Food Detective: Vodka’s void in color only
By David Hammond December 28, 2010 9:48AM
Corn-based Tito's Handmade Vodka and Prairie Organic Vodka. (Courtesy David Hammond)
Updated: April 19, 2011 5:17AM
Vodka — the most popular spirit category in the United States — has long been said to be without color or taste.
“Neutral taste actually seems to be the goal with some vodkas,” says Michael Cristiani, bar manager and mixologist at Epic, 112 W. Hubbard.
No one is going to dispute the colorless part. Vodka in its pure state is almost always clear as water. To say this beverage has no taste, however, is simply inaccurate.
Recently, I attended a “sensory analysis” seminar sponsored by Absolut and led by Per Hamersson, a vodka consultant (nice work if you can get it).
Hamersson took us through a very carefully orchestrated blind tasting of a dozen vodkas. I expected the differences to be barely noticeable; I was stunned by the variations.
To keep the palate (and mind) clear, we gingerly sipped and then spat out each sample, simply assessing the flavors and mouthfeel of each. Some were flat, others full, some bready, others fruity or even butterscotch-tasting, still others creamy or caramel-flavored — but each was clearly and sometimes dramatically distinct.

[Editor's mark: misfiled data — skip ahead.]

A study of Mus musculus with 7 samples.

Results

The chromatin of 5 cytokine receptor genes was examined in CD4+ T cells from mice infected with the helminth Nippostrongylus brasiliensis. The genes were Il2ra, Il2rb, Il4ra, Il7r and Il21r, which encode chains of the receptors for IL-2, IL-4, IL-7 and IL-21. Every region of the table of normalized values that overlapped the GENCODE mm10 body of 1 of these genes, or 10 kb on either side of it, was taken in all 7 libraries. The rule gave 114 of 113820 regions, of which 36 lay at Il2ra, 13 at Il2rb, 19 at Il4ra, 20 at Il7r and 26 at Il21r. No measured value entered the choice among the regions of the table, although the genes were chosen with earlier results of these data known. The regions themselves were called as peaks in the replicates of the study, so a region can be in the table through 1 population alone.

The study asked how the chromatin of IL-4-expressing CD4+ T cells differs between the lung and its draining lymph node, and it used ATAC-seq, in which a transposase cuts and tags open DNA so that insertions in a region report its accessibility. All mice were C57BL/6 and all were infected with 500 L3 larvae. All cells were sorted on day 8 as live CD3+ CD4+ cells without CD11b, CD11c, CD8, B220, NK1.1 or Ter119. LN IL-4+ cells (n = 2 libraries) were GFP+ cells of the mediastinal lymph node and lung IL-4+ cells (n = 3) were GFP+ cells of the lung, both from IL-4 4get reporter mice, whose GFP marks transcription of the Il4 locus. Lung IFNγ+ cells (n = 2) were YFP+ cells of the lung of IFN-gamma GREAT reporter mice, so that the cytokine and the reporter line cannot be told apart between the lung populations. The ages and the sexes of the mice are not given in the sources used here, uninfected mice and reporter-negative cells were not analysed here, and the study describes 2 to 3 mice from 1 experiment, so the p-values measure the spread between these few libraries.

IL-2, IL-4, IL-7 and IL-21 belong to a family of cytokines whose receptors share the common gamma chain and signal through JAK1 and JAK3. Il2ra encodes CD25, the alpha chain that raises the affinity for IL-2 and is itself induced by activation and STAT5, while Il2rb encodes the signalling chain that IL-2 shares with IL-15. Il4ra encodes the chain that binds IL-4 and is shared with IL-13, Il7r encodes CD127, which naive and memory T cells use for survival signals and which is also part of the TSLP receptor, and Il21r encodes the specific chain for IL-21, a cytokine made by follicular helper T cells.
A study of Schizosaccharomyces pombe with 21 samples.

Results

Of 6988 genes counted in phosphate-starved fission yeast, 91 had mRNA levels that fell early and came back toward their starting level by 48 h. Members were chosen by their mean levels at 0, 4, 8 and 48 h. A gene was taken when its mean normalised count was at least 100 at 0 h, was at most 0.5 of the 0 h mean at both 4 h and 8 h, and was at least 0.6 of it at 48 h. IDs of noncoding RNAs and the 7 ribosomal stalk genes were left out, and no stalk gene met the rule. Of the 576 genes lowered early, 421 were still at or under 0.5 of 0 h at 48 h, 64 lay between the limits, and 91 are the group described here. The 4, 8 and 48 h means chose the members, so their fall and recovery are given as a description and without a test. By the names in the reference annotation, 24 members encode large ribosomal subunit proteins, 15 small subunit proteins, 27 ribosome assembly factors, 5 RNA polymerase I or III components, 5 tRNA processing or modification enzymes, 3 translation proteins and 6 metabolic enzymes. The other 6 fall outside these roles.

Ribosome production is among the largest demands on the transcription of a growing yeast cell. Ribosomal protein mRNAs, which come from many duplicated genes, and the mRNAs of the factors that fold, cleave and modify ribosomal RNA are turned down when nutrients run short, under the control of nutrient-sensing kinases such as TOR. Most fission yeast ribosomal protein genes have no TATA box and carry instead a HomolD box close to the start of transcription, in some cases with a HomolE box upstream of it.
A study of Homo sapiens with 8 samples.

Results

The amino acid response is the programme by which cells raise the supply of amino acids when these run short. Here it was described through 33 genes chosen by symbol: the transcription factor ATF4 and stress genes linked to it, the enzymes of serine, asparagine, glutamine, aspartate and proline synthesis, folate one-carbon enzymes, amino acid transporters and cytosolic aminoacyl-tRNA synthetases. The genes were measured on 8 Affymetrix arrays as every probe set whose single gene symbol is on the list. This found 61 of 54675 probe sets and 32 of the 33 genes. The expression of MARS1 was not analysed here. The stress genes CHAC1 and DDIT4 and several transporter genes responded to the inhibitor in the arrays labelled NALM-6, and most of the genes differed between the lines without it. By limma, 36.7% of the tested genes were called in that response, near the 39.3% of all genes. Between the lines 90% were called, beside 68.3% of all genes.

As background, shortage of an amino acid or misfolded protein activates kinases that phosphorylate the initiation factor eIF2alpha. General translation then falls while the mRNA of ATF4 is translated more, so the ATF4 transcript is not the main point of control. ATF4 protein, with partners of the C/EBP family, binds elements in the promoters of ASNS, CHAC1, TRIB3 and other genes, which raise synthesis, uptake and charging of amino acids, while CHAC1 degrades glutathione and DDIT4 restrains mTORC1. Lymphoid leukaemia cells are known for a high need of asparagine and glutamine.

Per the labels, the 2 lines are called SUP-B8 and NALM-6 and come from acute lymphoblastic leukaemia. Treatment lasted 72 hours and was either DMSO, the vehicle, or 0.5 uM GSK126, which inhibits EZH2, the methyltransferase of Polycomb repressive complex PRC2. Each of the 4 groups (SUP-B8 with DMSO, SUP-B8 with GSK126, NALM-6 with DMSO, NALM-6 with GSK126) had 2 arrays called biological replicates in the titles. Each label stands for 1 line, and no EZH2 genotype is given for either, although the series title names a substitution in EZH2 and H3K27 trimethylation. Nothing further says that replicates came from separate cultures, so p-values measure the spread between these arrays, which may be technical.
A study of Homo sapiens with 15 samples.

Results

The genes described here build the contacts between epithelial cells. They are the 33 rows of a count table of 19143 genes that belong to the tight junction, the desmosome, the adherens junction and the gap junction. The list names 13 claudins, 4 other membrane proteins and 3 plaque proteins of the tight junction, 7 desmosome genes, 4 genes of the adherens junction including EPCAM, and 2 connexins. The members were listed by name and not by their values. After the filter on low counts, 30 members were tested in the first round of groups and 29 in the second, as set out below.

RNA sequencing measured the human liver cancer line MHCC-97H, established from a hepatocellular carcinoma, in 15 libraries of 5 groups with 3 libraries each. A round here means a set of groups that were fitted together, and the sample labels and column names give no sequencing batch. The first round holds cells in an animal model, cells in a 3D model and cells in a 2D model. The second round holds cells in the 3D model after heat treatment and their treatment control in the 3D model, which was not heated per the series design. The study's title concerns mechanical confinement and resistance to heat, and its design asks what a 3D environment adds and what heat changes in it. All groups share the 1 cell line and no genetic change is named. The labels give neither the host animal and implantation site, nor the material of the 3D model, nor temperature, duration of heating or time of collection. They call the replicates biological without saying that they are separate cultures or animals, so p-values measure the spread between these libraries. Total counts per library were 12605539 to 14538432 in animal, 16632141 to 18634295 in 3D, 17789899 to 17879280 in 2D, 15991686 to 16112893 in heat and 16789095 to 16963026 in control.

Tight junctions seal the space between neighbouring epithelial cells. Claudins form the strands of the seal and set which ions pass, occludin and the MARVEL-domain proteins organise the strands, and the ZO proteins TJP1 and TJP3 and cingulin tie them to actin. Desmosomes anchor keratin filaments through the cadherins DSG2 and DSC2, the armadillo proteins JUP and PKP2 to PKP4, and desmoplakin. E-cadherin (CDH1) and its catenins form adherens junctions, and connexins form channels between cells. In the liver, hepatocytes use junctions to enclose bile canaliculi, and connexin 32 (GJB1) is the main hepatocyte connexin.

One reason for this can be traced to the raw materials used to make vodka. There’s a perception among many, it seems, that vodka is usually made from potatoes.
That’s true of spud-based Chopin, but many popular vodkas are made of wheat (Absolut, Stolichnaya), others of rye (Belvidere, Wybrowa) and still others from corn (Tito’s, Prairie).
In the tasting, each vodka’s flavor came through clearly. In the grape-based, Diddy-owned Ciroc, for instance, the flavor of the fundamental fruit was unmistakable.
But raw materials are just part of the equation.
How the vodka is made also influences the flavor. Some vodkas have a less sharp, more rounded flavor; this can be the result of adding sugars after distillation, which makes for a smoother sip. Adding sugar is forbidden with Polish but common with Russian vodkas.
So what accounts for preferences in vodka? “I think people like whatever they drank when they were younger, whatever became their brand,” says Cristiani, adding, “For me, it’s Ketel One.”
Though it’s commonly said vodka has a neutral flavor, I tend to believe that when people call out “Crystal Head” or “Grey Goose,” they’re not just trying to impress their dates (though maybe that’s part of it).
Rather, vodka drinkers taste differences. And there are big differences in vodka. Really.